Here & Now's Robin Young speaks with Richard Pacelle, professor of political science at the University of Tennessee, to find some answers.
It’s one thing for a small, private school to incorporate gardening and healthy eating into its curriculum, but what can larger, poorer urban schools do?
Many say that they don’t have the budget to afford healthier choices, and also say that kids just aren’t interested in changing the way they eat.
The debate over how to feed American school kids became heated last month when Michelle Obama lashed out at a group of House Republicans who pushed to grant waivers — or exceptions — to the 2010 Healthy Hunger-Free Kids Act, by letting schools opt out if they said they were losing money.
As lawmakers debate the law requiring that schools provide healthier lunches in order to qualify for federal funding, we take a loot at the Kimberton Waldorf School in rural Kimberton, Pennsylvania. Waldorf schools believe in hands on education, and this one has kids grow their own lunch in a program called “Food for Thought.”
Here & Now’s Robin Young also talks to consultant Kate Adamick, co-founder of Cook for America, who says most schools already have enough money to fund healthy eating initiatives — they just need to learn how to do it. Adamick shares her recommendations on how to bring healthy food into American public schools.
On debunking the argument that kids don’t like healthy foods
That’s the biggest myth in school food, that the kids won’t eat it. The food and beverage industry loves us as adults to think that the kids won’t eat it. There are numerous studies on this that say a child has to be exposed to a certain type of food ten to twenty times before they’ll eat it. That means that we have to keep trying. We really need to remember there are no cases in recorded history of a child starving to death when there’s a plate of healthy food sitting in front of them.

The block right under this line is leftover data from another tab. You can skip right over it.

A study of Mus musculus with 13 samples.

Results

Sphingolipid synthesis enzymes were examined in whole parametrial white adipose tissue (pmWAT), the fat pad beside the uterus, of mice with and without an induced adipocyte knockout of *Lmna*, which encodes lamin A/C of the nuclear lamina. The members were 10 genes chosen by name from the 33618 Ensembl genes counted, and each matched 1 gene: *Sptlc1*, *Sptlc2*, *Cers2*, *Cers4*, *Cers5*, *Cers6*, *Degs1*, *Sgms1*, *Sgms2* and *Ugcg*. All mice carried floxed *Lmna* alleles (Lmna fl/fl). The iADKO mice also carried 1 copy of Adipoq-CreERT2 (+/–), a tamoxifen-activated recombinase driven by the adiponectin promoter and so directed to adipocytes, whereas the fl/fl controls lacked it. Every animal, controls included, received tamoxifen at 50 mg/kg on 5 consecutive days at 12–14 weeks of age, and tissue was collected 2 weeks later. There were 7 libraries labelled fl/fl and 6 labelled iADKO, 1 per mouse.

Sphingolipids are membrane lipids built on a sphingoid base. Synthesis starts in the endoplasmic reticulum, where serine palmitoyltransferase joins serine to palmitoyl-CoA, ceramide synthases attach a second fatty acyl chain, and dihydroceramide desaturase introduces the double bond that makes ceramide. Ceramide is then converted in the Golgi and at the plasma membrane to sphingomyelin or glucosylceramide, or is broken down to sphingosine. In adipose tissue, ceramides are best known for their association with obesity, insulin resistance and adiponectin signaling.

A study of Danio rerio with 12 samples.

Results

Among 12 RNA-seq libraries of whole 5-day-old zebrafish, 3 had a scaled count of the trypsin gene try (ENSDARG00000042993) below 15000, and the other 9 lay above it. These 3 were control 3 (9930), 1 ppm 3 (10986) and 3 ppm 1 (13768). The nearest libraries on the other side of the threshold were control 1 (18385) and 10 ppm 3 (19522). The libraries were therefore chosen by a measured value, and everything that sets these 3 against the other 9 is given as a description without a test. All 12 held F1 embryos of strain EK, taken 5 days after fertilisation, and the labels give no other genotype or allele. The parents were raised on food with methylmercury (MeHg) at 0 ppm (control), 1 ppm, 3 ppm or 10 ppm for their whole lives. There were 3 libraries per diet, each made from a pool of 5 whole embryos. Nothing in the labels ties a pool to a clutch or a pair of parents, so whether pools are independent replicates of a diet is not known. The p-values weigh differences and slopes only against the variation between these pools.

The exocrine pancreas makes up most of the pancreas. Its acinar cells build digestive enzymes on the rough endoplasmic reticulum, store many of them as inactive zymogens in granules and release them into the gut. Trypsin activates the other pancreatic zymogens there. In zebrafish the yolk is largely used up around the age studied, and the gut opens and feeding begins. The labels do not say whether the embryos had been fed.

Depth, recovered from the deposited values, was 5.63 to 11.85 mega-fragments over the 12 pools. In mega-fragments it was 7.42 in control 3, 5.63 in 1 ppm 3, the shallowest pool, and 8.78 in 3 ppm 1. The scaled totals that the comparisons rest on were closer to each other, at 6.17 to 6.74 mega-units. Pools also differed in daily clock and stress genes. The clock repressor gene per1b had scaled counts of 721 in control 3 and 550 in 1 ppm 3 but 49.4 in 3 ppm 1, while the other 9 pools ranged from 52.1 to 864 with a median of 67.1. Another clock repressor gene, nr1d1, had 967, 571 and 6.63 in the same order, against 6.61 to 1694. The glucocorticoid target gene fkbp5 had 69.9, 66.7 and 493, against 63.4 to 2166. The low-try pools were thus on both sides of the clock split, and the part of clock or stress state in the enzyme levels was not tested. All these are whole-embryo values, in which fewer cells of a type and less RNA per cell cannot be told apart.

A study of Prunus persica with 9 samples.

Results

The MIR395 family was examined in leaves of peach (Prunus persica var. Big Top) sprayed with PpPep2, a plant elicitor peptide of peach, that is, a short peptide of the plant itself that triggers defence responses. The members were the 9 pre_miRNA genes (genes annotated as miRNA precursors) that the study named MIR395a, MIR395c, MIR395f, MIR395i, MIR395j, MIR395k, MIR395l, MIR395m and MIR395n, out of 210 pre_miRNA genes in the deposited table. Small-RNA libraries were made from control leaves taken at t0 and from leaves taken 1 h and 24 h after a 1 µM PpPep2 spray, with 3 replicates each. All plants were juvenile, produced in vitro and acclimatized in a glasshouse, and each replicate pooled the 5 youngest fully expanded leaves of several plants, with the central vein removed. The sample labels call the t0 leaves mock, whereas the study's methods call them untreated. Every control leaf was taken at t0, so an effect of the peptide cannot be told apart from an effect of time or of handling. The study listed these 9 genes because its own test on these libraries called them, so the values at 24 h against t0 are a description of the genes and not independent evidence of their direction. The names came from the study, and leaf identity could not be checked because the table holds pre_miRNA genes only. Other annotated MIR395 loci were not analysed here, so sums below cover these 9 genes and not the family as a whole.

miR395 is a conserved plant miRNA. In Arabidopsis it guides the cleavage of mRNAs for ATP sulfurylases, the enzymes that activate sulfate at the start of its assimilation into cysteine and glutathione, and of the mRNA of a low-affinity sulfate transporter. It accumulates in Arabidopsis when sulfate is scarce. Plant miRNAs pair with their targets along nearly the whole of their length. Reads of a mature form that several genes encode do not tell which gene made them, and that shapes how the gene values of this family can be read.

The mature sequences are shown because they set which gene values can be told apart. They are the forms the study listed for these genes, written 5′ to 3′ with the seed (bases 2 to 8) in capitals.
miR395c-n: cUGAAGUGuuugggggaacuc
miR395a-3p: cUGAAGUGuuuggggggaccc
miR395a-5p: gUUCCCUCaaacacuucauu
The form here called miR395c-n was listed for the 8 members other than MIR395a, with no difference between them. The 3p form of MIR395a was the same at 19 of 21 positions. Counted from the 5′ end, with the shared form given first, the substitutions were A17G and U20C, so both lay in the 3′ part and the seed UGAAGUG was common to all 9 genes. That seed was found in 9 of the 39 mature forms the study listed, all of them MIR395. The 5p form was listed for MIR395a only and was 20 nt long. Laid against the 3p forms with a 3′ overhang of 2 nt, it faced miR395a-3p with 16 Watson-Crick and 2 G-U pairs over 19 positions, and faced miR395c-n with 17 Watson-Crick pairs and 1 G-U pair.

Tips Adamick has given to schools to save money
“[A district was] portioning salad and food and everything in little plastic cups. When you do that, you’re paying for those little plastic cups … If you put it out for kids to take on their tray, that’s faster, that’s much less labor intensive and you save all of that money, both on the labor time and the plastic cups.”
“The federal government funds school food both with cash and with an allotment of food. You can order it either raw — so I can order raw chicken, or I can send that raw chicken to a processor and have them turn it into chicken nuggets, and chicken fingers, and chicken dinosaurs, which are typically laden with salt, fat and sugar … You pay for that. So take the free chicken in and cook the chicken.”